Gloucestershire Places of Worship

We have 2 Images Painswick Congregational Church (latterly Christ Church), Painswick (1) (94k) Painswick Congregational Church (latterly Christ Church), Painswick (2) (51k) Above Photograph(s)
Copyright of John Williams
Painswick Congregational Church (latterly Christ Church), Painswick
Painswick Congregational Church (latterly Christ Church),
Gloucester Street,
Painswick, Gloucestershire.


We believe the Church did NOT have a graveyard.

Note: any church within an urban environment may have had its graveyard closed after the Burial Act of 1853. Any new church built after that is unlikely to have had a graveyard at all.

Church History

This Place of Worship was founded in 1672, but we understand it was closed in 2010.

According to Non-Conformist Chapels and Meeting Houses, Gloucestershire (1986), an active Independent congregation is believed to have been meeting in Painswick from the mid-17th century, supported in 1672 by Francis Harris, ejected curate of Deerhurst. The Town Hall was registered for meetings in 1689 "possibly by this Society", and in 1705 a meeting house was built which was recorded as Presbyterian. "The present chapel was erected in 1803 largely through the efforts of the pastor Rev. Cornelius Winter and drastically altered in 1892 to the designs of J. Fletcher Trew when it was named 'The Cornelius Winter Memorial Chapel'". According to the Victoria County History series: A History of the County of Gloucester, Volume 11: Bisley and Longtree Hundreds (1976), pp.83-85 (Painswick - Protestant Nonconformity), Winter was a disciple of George Whitefield.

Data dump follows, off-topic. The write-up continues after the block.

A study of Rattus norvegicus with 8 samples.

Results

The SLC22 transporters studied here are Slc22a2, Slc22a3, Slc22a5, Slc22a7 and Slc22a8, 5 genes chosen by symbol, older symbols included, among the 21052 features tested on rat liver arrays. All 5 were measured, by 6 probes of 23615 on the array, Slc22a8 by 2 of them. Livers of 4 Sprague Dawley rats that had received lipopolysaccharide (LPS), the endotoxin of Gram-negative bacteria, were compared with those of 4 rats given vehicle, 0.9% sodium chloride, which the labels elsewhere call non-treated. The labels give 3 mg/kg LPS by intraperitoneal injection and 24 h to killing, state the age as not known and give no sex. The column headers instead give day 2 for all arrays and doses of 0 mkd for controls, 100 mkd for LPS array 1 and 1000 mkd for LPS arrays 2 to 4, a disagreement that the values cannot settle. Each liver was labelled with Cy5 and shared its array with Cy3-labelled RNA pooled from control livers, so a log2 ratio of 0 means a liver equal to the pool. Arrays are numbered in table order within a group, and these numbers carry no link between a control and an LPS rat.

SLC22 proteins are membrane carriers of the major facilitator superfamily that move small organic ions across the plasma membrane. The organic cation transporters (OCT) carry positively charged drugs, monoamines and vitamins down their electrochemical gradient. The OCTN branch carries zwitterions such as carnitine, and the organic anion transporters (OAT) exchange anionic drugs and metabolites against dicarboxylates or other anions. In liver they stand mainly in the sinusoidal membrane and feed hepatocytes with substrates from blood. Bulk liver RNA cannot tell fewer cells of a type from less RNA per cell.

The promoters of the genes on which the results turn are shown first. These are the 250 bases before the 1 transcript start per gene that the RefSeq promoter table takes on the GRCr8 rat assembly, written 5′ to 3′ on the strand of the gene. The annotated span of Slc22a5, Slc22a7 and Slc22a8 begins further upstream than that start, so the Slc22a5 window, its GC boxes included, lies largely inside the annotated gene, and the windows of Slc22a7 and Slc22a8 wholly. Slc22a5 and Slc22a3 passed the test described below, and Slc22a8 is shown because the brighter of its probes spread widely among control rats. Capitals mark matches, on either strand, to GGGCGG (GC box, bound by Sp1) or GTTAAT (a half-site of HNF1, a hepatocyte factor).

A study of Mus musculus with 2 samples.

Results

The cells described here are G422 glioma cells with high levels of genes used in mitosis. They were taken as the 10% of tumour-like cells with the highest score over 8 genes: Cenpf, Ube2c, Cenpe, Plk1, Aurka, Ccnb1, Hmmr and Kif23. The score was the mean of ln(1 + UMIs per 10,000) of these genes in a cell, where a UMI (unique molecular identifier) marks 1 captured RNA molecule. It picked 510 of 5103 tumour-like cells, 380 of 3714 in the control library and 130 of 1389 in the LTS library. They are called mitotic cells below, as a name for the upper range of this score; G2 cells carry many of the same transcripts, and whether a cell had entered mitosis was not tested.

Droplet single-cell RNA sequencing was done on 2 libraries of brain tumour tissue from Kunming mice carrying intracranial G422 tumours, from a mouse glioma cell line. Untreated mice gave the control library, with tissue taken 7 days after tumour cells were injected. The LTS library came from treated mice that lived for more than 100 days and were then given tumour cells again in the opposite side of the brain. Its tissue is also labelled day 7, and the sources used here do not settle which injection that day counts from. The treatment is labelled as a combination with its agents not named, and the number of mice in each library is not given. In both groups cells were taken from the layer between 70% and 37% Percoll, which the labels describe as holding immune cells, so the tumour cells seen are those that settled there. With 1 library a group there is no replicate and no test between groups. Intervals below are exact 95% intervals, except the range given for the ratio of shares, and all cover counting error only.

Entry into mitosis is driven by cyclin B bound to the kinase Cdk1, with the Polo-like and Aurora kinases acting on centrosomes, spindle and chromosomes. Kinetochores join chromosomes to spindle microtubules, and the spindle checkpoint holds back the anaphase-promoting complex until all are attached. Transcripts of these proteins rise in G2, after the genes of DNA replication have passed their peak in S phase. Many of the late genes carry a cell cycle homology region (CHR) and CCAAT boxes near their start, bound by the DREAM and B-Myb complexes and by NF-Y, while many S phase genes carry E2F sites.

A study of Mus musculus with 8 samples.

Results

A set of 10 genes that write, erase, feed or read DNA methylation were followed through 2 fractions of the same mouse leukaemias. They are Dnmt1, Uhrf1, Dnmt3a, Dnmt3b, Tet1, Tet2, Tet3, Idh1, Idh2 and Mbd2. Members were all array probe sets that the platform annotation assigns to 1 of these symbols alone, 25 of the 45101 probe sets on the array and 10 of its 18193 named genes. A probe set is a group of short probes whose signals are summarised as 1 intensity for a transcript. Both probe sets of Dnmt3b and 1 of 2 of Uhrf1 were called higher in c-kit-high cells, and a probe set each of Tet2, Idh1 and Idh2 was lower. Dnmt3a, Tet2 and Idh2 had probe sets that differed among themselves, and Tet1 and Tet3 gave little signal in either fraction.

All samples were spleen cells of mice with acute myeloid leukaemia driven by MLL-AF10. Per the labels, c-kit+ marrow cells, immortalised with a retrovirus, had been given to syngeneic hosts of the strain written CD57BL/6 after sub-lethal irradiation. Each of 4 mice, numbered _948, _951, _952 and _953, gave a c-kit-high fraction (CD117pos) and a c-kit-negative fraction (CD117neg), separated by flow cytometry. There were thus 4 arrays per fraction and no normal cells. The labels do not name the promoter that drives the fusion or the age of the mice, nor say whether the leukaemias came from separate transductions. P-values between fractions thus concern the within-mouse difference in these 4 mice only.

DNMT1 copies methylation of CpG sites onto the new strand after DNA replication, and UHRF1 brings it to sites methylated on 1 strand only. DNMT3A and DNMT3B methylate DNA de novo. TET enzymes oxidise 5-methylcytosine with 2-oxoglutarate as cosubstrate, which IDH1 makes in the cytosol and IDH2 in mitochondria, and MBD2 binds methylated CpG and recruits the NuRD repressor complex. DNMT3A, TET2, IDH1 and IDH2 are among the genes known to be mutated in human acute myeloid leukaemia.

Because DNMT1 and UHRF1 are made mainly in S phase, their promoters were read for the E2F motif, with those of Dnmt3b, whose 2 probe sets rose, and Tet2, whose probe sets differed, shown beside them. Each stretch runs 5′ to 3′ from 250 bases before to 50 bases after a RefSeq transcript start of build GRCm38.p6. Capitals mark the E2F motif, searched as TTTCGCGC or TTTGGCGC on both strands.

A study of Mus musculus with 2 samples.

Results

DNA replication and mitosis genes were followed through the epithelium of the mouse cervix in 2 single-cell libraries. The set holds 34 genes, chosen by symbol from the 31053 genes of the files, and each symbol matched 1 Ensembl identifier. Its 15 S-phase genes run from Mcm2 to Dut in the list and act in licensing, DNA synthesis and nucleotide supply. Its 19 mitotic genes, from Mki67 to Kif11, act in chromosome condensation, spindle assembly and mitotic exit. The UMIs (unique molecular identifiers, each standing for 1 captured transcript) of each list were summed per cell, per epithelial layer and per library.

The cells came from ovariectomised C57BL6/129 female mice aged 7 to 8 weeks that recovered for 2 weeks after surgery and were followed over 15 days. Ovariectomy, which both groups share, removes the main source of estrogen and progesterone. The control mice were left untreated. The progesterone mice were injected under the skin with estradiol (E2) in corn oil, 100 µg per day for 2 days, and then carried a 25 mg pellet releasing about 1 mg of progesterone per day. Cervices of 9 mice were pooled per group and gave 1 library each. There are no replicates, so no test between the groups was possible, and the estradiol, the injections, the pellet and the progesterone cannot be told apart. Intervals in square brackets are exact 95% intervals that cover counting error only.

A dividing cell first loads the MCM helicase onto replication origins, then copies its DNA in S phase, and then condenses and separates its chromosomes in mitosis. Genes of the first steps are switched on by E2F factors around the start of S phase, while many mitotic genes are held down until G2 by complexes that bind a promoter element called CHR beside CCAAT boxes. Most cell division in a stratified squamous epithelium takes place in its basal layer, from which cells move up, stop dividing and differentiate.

There is a long architectural description of the chapel on the British Listed Buildings website, which also records that it was, at the time of listing (1990) the United Reformed Church. More recently, it became part of a Local Ecumenical Partnership between the Baptists and the URC, when it became known as Christ Church. However according an article Painswick Church to close after more than 300 years worship, published by Stroud News and Journal on 9th June 2010, its last service of Thanksgiving was to be held on Sunday, September 26th that year. The article also mentions it was vested in the care of the West Midland Synod of the United Reformed Church.

The War Memorial has been presented to St Mary's Church, Painswick, who have a photograph of it online, and a transcription of the inscriptions, listed under "Memorials in the Church" as the Free Churches War Memorial.

Since then, as can be seen from our photograph, it has been offered for sale.


Now or formerly Presbyterian/Congregational.

If more than one congregation has worshipped here, or its congregation has united with others, in most cases this will record its original dedication.


This Church was located at OS grid reference SO8672909921. You can see this on various mapping systems. Note all links open in a new window:


I have found many websites of use whilst compiling the information for this database. Here are some which deserve mention as being of special interest for Painswick, and perhaps to Local History and Places of Worship as a whole.

The above links were selected and reviewed at the time I prepared the information, but please be aware their content may vary, or disappear entirely. These factors are outside my control.

Information last updated on 12 Nov 2018 at 14:07.